Calgary city councillors confirmed work done at committee to approve five new communities and advance three “with caution,” but will also remove the growth management overlay (GMO) as soon as possible.

The item, massaged through 21 hours of debate at the Infrastructure and Planning Committee, also included a potential additional two more communities and work to advance three more. That brings the total to 13 in the works.

That body of work was brought to the July 26 combined meeting of council, and there, Coun. Kourtney Penner attempted to resurrect the original admin motion. That would have stuck solely with the five-plus-three communities, subject to budget approval in November. The GMO would have been removed at that time.

That was voted down.

Once bylaws for GMO removal are approved it means that developers can start their process right away in the five approved areas. Those bylaws are expected back in September. More information on the additional three communities will come at that time.

(Bottom left corner is Coun. Sean Chu, bottom right is Coun. Courtney Walcott.) SCREENSHOT

During the debate, Ward 2’s Jennifer Wyness said this mirrored the climate strategy conversation.

“I find it really interesting that when we did the climate emergency, we were told that we should let the committee do the work and not pull it and change it after the committee has done the work,” she said.

“I feel like this is more about politicization and realizing that removing the GMO does not mean these houses will be built tomorrow or built next year.”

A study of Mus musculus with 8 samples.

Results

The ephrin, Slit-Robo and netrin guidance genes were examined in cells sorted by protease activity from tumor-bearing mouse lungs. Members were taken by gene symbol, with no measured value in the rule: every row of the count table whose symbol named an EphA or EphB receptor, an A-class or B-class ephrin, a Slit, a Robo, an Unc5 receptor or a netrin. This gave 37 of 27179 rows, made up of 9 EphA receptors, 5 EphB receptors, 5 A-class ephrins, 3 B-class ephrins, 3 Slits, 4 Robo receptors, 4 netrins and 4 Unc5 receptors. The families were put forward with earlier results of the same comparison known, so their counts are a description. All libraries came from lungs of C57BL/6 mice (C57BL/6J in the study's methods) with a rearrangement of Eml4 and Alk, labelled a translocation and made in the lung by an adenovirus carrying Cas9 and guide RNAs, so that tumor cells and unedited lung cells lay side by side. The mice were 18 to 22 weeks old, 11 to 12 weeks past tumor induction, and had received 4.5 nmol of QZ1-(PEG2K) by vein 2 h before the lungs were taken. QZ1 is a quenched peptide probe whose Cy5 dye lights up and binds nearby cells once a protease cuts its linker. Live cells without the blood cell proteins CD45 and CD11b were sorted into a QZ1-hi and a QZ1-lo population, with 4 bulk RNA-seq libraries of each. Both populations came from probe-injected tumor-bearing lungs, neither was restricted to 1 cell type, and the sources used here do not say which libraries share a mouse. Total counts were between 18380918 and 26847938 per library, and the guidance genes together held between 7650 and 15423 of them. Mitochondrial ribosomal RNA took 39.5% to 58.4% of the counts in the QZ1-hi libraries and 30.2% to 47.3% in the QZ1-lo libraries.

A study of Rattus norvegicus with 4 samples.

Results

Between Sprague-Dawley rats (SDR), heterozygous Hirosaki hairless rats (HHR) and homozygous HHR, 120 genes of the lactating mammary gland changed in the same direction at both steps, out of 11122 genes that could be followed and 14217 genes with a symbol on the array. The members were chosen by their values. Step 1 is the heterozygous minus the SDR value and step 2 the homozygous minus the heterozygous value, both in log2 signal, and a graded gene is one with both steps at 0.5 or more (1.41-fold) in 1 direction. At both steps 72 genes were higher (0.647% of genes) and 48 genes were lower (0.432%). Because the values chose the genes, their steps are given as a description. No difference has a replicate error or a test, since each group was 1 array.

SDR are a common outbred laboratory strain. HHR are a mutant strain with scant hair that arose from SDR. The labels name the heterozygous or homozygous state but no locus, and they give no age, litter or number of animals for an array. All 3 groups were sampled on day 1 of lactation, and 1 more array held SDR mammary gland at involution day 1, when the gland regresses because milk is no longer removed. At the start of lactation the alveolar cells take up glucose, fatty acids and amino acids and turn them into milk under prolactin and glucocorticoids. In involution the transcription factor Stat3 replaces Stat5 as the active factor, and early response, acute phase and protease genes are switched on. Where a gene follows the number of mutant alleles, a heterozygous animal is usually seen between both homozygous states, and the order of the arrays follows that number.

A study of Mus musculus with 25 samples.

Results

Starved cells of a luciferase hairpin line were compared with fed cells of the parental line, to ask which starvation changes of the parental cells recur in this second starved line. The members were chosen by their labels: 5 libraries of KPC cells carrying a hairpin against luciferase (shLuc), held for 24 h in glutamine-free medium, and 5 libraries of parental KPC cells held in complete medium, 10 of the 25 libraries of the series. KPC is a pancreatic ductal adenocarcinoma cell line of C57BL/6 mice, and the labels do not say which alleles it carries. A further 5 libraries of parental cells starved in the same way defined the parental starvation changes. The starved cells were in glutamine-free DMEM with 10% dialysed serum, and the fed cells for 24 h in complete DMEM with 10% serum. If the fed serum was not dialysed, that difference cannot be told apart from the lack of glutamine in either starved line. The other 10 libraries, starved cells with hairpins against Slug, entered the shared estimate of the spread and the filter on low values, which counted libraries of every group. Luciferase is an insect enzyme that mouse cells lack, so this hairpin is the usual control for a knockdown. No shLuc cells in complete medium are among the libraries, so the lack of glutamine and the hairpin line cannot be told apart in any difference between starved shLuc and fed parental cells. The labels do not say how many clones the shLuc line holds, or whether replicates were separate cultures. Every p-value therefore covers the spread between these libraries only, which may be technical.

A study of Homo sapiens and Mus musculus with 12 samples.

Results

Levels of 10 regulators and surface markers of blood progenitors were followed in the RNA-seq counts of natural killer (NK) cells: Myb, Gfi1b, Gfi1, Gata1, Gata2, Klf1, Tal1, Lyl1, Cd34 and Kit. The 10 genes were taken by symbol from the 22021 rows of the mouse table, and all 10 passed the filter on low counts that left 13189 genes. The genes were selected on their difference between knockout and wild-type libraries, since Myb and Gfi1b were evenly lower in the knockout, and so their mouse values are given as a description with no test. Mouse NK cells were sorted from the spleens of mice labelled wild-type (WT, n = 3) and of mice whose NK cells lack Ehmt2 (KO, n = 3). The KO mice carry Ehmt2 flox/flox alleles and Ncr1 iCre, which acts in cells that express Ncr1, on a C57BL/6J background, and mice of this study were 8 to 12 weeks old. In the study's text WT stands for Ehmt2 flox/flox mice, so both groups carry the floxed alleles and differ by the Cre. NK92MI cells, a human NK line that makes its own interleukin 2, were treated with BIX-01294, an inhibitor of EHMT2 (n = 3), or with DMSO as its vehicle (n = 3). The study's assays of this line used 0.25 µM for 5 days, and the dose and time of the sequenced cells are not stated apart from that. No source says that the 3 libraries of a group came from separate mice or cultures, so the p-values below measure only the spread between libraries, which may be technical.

Ward 8 Coun. Courtney Walcott said he would support the original admin recommendations, but committed to a review of the process.

“What I can commit to, while asking for this to go to November, is that I will work with honestly, anybody, to ensure that the process that you’re negotiating right now for new community growth, it does improve,” he said.

Motions arising arose

Mayor Jyoti Gondek brought forward a motion arising that would essentially eliminate the GMO process and formalize the business case process.

Business cases for new communities are brought forward biannually and include many factors that could be included in a formal criterion, the mayor said. Right now, these are decisions being made via politics.

“A business case is something that gets vetted for its merits based on clear criteria,” the mayor said.

“So that’s what we’re actually going to be doing instead of what it’s turned into. I think industry calls it a beauty contest.”

The motion didn’t jive with Coun. Gian-Carlo Carra. He said the single biggest power local government has is to control what goes on the land.

“I don’t know where to begin with this except to say that this is a massive, massive shift. And it is fundamentally bad governance to drop a massive shift like this. And just off the cuff,” he said.

Council approved a discussion for September.

They also approved further discussion and information on directly attributing taxes and user fees paid in relation to service expenditures.